Only a year ago, in 2014, the most important route into Europe for migrants was across the Mediterranean sea, in boats of up to 800 passengers from the North African coast to Italy (Lampedusa sas primary destination) or Malta: the southern route. So far in 2015, migration along the alternative eastern route has rised.
Matter of fact, during 2012 a fence was erected on the border between Turkey and Greece, forcing migrants to take boats from the Turkish coast to nearby Greek islands or travel north to the Bulgarian border. In 2014, Bulgaria began building its own fence to prevent this.
In September 2015 alone, 156,000 immigrants took the eastern route compared to just 7,000 in the same month the previous year.
The Schengen area makes things easier once the migrants have entered Hungary or Slovenia, but, on the other hand, things are getting much harder to deal, to administrate for these countries. In early July, Hungary began building a fence on its Serbian border, forcing the migrants on the west route through Croatia, often entering Hungary from there and a second fence was built on the Croatian border in October, pushing people up to Slovenia. Actually, Slovenia is building a fence itself. Balcans countries are struggling in order to face the situation. Albanian Government has already stated that the country will make what’s in it’s possibilty to mitigate the pressure in the area.
European countries are forced, under pressure, to find long term solutions, Germany in first place.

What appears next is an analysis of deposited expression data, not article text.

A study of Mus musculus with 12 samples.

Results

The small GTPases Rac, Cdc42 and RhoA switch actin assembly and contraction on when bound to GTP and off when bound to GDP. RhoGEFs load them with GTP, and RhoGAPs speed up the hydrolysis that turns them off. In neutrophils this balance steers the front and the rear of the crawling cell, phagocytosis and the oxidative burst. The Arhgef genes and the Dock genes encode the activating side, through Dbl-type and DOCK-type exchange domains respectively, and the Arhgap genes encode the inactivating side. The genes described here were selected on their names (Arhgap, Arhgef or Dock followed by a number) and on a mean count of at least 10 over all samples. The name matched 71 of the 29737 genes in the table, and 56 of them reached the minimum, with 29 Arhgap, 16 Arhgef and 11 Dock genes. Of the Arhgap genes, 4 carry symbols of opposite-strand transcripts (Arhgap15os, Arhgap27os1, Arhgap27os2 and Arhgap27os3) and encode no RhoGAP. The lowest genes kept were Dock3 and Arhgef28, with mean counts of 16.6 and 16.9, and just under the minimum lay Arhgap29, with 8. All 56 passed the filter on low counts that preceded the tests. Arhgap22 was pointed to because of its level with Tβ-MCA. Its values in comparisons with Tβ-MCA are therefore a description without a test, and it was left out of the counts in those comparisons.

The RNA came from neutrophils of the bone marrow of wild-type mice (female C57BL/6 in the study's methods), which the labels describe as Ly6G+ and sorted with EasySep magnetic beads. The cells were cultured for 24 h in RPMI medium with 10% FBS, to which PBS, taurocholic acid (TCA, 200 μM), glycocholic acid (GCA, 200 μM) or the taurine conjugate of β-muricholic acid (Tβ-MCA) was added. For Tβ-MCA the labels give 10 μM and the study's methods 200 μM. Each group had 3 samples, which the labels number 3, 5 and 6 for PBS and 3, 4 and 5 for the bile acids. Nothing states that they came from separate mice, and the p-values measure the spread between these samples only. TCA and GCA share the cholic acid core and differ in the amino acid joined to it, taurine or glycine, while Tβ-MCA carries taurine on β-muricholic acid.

Angela Merkel, German Chancellor and most powerful woman in the planet, is facing risks on her own political body, over migrants crise . When migrants began to arrive in large numbers over the summer, she announced publicly that they were to be welcomed rather than turned away. Considering that an imponent number of Syrians living in Turkey have been able to make a living only because of temporary employment or casual labor, but , as Turkish economy has begun to deteriorate, unemployment has grown by being unaffordable, those Syrians are also leaving Turkey. So, what’s next?
Germany is home to the vast majority of past Turkish immigrants into Europe, and tensions have long been high over the issue. Syrians have a explicit and strong case for asylum, and it is extremely hard to repatriate them. The European Union wants to keep the Balkan countries from confronting one another over migrant flows. At the same time, the bloc wants to keep borders within Europe as open as possible to preserve the union’s structure while apportioning them fairly across the Continent. The Oct. 25 summit likely discussed all of the possible solutions along the migrant route and most summits during last two years have tried the same.
As temperatures drop immigrant flow will arrest the emergency. The latest flows have also revealed a drop in the portion of migrants from Syria and a rise in Afghan and African migrants, partly because of cheap Turkish Airlines flights to North Africa. Unlike Syrians, authorities will find it much easier to send back migrants from these points of origin.
But the fact is that war keeps on radicalizing in Syrian territories, which is much more than a preview on warmer season to come: migrants are most likely not stopping their desperate journeys.